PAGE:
Galaxy Mind

  • Reading time:6 mins read

People who feel very certain about the world feel very uncomfortable about nuance. And whatever they feel uncomfortable about quickly becomes the enemy.

One of the main things that Steven Universe serves to talk about is toxic behavior: where it comes from on an individual and structural level, and what to do about it. Every character on the show is carrying some grief or trauma, that affects their behavior. The show threads the needle of sympathy for the person and confronting the behavior, over and over. It’s delicate. So of course, people looking for black-and white, either-or answers to the questions that they specifically ask are going to have difficulty.

Take “Cry for Help,” the episode that first drew me in. This whole discussion that opens up here, and lasts for a while, it’s heavy as all hell. Consent is a constant theme with the show, and here Pearl coerced Garnet into fusion. It’s, you know—there are no good or bad people. There are good and bad actions. And, there’s trust. Most violence and abuse comes not from some evil bogeyman but from people close to you, who you generally trust—which is what this episodes serves to dive into.

Another way to put it is that Steven Universe focuses in on systemic violence and the way that it manifests in behavior, placing culpability for one’s actions as a part of that system rather than a value judgment on the individual—which we’re still having a bunch of trouble talking about as a society, and which seems to confuse the fuck out of people when you bring it up.) You want real change, the show argues, vilifying the individual won’t get you there. Hold them to account, but to truly fix anything you need to trace back and smash the system that led to the behavior in the first place.

A mind-blowing topic for a kids’ show, right? Even adult-targeted TV would prefer to avoid this discussion. So of course, the response from the Discourse Web more or less amounts to accusations that Rebecca Sugar somehow condones rape. Because discussing a subject in any shape or form means that you’re encouraging it, apparently.

The character of Stevonnie—a non-binary, intersex character formed from the (basically) platonic relationship between two teenagers—is one of the most nuanced and radical elements of the show, representing puberty, first loves, gender discovery, consent—so of course they’re the target of a million bad-faith hot takes, that make them an example of everything depraved going on in our society today.

Of particular focus is how every character in Stevonnie’s debut episode episode objectifies them, as if this is evidence of the show’s awfulness rather than part of the actual point of the episode, that it serves to talk about. Part of the whole deal here, that the show continues to talk about long-term, is the dark turn the story takes halfway through, when what had been an innocent exploration of self and new love and so on gets weird when they realize the new way other people are responding to them. (In real life, find a girl who hasn’t had to deal with this shit starting around… roughly the age that Connie actually is at this point in the story.) This leads them into an anxiety attack—a moment of weakness that in turn a skeevy douchebag uses as an invitation to intrude on their space, making them even more uncomfortable. The episode demonstrates this as a Bad Thing; a violation. An example of What Not To Do, Ever. And, what can happen.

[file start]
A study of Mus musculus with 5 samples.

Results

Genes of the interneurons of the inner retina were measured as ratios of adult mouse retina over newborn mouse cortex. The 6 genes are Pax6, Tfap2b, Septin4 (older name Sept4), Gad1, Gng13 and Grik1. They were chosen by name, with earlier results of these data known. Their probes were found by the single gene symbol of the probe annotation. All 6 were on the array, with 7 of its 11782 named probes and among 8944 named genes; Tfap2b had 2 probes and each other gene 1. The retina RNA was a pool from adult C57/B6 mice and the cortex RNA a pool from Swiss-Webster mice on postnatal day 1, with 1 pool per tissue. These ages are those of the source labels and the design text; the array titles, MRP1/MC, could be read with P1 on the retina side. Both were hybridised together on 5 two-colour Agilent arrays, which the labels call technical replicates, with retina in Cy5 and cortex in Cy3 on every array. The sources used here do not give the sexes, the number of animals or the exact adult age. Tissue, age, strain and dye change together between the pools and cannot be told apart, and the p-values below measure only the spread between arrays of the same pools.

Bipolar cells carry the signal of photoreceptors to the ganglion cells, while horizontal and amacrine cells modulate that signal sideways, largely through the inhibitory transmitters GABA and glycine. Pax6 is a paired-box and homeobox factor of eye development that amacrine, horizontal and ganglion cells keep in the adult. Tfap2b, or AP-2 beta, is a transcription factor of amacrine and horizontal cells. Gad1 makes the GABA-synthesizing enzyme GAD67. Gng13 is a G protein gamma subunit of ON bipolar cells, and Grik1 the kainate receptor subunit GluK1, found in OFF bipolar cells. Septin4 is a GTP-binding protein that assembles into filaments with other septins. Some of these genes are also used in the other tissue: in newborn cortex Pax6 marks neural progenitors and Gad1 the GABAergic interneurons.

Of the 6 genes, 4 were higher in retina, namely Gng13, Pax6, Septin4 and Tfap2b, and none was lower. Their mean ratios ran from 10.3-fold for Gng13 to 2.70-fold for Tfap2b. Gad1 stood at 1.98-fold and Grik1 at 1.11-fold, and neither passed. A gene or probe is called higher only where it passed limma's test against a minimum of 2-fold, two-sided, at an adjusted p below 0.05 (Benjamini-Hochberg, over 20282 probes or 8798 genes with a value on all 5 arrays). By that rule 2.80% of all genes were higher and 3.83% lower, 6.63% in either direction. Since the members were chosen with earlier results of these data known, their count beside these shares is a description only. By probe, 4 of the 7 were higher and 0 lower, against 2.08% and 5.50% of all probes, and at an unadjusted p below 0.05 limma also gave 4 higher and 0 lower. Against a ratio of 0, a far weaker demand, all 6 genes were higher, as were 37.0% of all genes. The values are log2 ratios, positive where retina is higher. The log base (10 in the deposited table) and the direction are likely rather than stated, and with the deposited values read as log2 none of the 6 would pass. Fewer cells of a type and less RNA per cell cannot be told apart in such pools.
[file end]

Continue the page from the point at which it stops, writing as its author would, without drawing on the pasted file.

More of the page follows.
“Alone Together” is a thematically dense, complicated piece of television. It fits so much into eleven minutes, covers so many important topics so effortlessly, all at the same time, it’s hard to know where to begin. Of course some people feel weird; this is revolutionary storytelling. It’s bold and confident in saying things that nobody else is saying, that dearly need to be said. Revolutions make people uncomfortable.

It’s frankly astonishing how well Steven Universe handles the uncomfortable topics it raises, and it’s so important for doing so. Thematically and structurally it works more like literature than typical television. But, people who are eager to react don’t have that patience.

“It’s not helpful to pin all evil on some external bogeyman,” the show says. “Anyone can be hurtful, and we all are responsible for our own behavior.”

The reactionary seethes in reply. “Only a bogeyman would say such a monstrous thing!”

When you ask people to look at their own behavior, a divide will open up and half of the audience will flip its shit. People who assume bad faith will erupt in their own geysers of bad faith and intone like a banshee, rejecting the idea that maybe they missed a beat somewhere. It’s this bottled reactionary impulse, just waiting for the right excuse. This is the highway that people use to accuse the show, and by extension its creators, of all manner of bizarre, extreme things, not limited to but including actual fascism.

(This is in response to a queer Jewish woman and majority non-white cast and crew. One… suspects there may be other, unspoken motives at play here.)

Some of the most galaxy-brain takes on the show involve expressions of rage that its story takes the angle of trying to carefully dismantle a complex, violent system from its roots rather than barging in and selectively killing people, expecting that will solve all the problems. That, combined with the notion that no one is good or bad—people do good things, bad things, bad things for good reasons, good things for bad reasons, and none of this needs to be morally gray—so that you can’t point to any one person and say, “they’re the villain,” causes great Online Anger.

People don’t like to hear that they’re asking the wrong question, that they’re looking at the world all wrong, and that’s the only answer the show has to give. About pretty much everything. As I say, its whole attitude is revolutionary. Which is why it freaks people out so much.